Chemical or fruit-derived acids in skincare are known to exfoliate or encourage skin cell turnover. They increase collagen and elastin production whilst brightening the skin, making acids an absolute must for hyper-pigmentation and post-summer skin damage!

The Science

The human skin consists of three main layers:

  • EPIDERMIS – The outer layer is the epidermis which consists of its own 5 sublayers. It is constantly shedding layers of dead skin from the top layer, replacing them with new healthy cells that grow in the lower layers. The pores are also present in this layer, allowing sweat and oil to escape.
  • DERMIS – The dermis is beneath the epidermis and enables the function of pathogen protection. It contains all sweat and oil glands, hair follicles, connective tissue, nerve endings, and lymph vessels. The dermis also contains collagen and elastin that help support the structure of the skin
  • HYPODERMIS- The hypodermis layer is the bottom layer of the skin that provides insulation and acts as a cushion that protects vital organs.

Our skin cells regenerate themselves every month or so, starting in the dermis, new skin cells move to our epidermis. These new skin cells are what make your skin look bright and healthy and skincare acids are a way to speed up the process.

Three Main Types of Acids in Skincare


  • This group of acids contains glycolic, lactic, citric and mallic acid
  • These acids tend to come from fruits but can be produced synthetically
  • They dissolve in water and work on the surface of the skin to improve texture
  • Glycolic and lactic acid are the most used AHAs in skincare

Best for skin tone and discolouration.
Try out AHA Energizing Mineral Exfoliator



  • These acids are oil soluble and work by penetrating the pores on the surface of the skin
  • BHAs work deeply to remove the acne-causing sebum and aid skin rejuvenation
  • Salicylic acid is the most common BHA acid in skincare

Best for oily and acne-prone skin.
Try out Peppermint Salicylic Cleanser



  • These acids work in a similar way to AHAs
  • As the molecules are larger, they cannot penetrate as deeply into the skin and therefore skin irritation is less likely to occur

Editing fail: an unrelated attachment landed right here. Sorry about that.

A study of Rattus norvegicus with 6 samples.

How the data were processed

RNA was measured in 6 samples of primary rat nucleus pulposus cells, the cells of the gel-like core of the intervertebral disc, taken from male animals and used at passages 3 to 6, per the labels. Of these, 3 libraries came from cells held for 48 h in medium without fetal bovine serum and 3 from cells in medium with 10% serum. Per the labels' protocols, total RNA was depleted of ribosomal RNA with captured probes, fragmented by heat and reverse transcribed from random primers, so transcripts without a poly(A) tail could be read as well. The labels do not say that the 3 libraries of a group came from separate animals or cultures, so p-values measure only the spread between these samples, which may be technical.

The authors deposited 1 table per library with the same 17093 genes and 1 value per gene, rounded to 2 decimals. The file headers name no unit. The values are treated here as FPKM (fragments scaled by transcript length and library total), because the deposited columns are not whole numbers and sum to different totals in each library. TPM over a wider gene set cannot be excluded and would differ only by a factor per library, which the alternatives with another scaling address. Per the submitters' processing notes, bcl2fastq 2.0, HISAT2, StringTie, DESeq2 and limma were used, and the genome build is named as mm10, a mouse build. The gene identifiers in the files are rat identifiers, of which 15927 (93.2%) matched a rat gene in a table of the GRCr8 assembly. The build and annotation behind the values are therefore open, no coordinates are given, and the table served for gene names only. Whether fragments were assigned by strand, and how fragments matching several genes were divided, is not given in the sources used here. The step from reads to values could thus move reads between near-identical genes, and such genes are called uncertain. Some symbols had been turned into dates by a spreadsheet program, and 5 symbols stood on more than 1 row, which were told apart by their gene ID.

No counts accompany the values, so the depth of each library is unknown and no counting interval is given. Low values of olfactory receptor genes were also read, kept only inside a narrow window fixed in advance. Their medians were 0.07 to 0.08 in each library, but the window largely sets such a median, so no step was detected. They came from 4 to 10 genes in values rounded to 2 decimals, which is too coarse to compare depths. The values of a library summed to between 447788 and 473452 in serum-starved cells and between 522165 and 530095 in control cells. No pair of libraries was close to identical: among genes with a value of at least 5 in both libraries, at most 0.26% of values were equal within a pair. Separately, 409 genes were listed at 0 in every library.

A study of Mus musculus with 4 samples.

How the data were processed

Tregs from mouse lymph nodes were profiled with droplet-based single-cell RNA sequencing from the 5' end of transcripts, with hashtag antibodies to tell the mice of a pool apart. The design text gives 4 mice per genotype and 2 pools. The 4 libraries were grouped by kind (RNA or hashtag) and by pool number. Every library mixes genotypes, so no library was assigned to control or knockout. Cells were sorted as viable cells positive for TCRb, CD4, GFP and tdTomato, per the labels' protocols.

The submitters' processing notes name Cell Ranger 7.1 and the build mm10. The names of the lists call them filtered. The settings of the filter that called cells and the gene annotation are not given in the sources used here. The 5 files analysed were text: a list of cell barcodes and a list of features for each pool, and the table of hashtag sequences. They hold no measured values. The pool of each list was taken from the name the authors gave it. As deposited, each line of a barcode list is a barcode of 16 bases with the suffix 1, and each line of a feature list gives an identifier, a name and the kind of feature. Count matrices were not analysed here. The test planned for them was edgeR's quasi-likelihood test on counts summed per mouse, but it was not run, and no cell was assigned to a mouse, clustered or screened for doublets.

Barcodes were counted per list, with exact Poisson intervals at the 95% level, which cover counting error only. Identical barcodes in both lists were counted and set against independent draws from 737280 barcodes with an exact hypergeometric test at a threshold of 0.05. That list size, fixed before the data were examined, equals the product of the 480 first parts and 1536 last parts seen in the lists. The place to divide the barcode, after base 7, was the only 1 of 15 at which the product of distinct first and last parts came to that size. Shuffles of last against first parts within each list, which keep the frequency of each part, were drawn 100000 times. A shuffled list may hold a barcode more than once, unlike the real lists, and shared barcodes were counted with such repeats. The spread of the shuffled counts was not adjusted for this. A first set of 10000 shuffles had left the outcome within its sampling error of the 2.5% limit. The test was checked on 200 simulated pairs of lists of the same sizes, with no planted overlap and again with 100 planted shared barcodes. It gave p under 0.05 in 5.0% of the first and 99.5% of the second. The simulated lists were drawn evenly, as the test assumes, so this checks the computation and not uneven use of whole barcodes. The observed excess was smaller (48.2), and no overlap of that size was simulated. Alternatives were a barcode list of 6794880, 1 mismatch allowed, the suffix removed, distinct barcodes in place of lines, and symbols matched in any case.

• PHAs have many hydrating and antioxidant benefits
  • Gluconolactone and lactobionic acid are the most common PHA’S on the market

Best for sensitive skin


TIP: Start slowly! Experiment with what works with your skin and introduce acids into your skincare routine slowly. If you don’t notice a change within two months, try switching it up! If you are unsure speak to a professional about your homecare use. 

Acids, skin types, and skin concerns 

We all have our own unique skin type, whether it’s on the dryer side, whether your skin is prone to oil and acne, or you have a mixture of everything! It can be difficult to navigate the world of skincare, so read on to see if you can spot your skin type…

DRY SKIN: BHAs can reduce redness and soothe and calm the skin, whilst AHAs aid dry skin by helping to retain moisture. PHAs are also great for dry and sensitive skin and can help people with eczema and rosacea.

OILY SKIN: BHAs work well for oily skin as the thinner liquid formula helps clean out pores and tighten your complexion.

COMBINATION SKIN: combination skin can benefit from a mixture of different products, but salicylic acid works best for its anti-inflammatory products.

MATURE SKIN: AHAs are great for mature skin as they help to reduce the appearance of fine lines and wrinkles and reduce roughness on the skin.

HYPERPIGMENTATION: a strong AHA formula or BHA formula can be used to combat hyperpigmentation and scarring by encouraging skin cell turnover.

SUN DAMAGE: AHAs work well to reduce the appearance of sun damage and help to repair the skin

INGROWN HAIRS: AHA AND BHA can be used to eliminate dead skin, soften skin texture, and physically lift ingrown hairs from the surface of the skin


As we have seen, there is a multitude of ways acids can be used in skincare and different types of acids can lend themselves to different results! Chemical exfoliation works to tighten the skin, unclog pores and leave us with a glowing complexion. Acids can also work to repair damage caused to our skin by the natural ageing process or other factors such as sun damage or eczema. Exfoliating is a great way to rejuvenate our skin and a must for any good skincare routine.